The Atlantean "myth", as passed down via Plato, is an ancient Egyptian tale who's genesis occurred so far back in history that the classical Greeks could not even recollect it. The story states that both Sais (Egypt) and Athens (Greece) were founded by the same patron goddess Athena (Neith). It was said that Athena (Neith) founded Athens in 9,600 BC and Egypt in 8,600 BC.
The Greek historian Solon learned from the Egyptian priests, circa 600 B.C., that Athens was founded by Athena (Naamah of the Bible, who was Ham’s/Chiron’s wife), 9,000 years before their time, and according to them, old kingdom Egypt began 1,000 years after that (which would have been around 8600 B.C.), as reported to Plato in his Dialogues.
A tremendous wealth of ancient thought and occult (hidden) knowledge sprang forth from the famous scholars of Plato’s generation, as was recorded in The Dialogues by Plato. Two books within the Dialogues, called Timaeus and Critias, reveal the history of two large, and once famous but now forgotten, civilizations which were given the Greek names of Atlantis and Hellas.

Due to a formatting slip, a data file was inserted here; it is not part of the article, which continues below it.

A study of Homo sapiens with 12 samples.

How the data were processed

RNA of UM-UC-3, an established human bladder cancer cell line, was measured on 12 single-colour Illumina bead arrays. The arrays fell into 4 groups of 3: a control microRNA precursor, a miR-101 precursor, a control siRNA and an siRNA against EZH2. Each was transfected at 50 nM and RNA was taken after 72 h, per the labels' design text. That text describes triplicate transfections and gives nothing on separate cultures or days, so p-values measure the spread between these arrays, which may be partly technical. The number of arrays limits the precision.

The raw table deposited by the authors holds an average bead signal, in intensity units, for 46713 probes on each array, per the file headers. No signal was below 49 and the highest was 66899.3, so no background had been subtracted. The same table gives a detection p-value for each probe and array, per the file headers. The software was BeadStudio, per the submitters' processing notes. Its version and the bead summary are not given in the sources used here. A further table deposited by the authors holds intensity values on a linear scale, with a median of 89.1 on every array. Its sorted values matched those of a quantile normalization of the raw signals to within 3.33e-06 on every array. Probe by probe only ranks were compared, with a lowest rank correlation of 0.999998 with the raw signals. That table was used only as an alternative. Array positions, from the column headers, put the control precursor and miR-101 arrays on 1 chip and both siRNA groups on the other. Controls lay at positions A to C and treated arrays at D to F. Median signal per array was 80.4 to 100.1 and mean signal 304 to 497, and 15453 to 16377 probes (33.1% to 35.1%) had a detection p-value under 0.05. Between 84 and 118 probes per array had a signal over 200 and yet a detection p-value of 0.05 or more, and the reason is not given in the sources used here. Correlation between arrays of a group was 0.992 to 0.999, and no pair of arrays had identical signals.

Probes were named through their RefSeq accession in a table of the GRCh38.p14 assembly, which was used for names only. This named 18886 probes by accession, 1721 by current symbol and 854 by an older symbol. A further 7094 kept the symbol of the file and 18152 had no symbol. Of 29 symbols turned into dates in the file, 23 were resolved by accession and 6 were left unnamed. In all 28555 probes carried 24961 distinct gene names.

The Dialogues regarding Atlantis proclaim that the ancient history revealed in Solon's poem is true fact and not a fiction. The epic saga of the mighty empire of Atlantis and the honorable empire of the Hellenes was revealed in conversations between Critias, Hermocrates, Timaeus and Socrates which took place in ancient Greece, circa 400 BC. These highly renowned Greek scientists and philosophers had gathered to prepare a program for the festival to the goddess, Athene. A devoted young student of Socrates, known by the nickname, Plato (broad shoulders), eagerly scribed the details of their conversation. During this conversation Critias recited an ancient unfinished poem, which he had memorized when he was a child. This poem was written by Solon, known as the law-maker of Athens and the wisest of the seven sages of Greece. Solon received the information for his poem from an aged Egyptian priest and the ancient sacred registers of the Temple of Sais in Egypt, circa 600 BC.
Plato described mountains, lakes, and rivers on the Nesos, the “island” of Atlantis, which was surrounded by concentric canals for ships.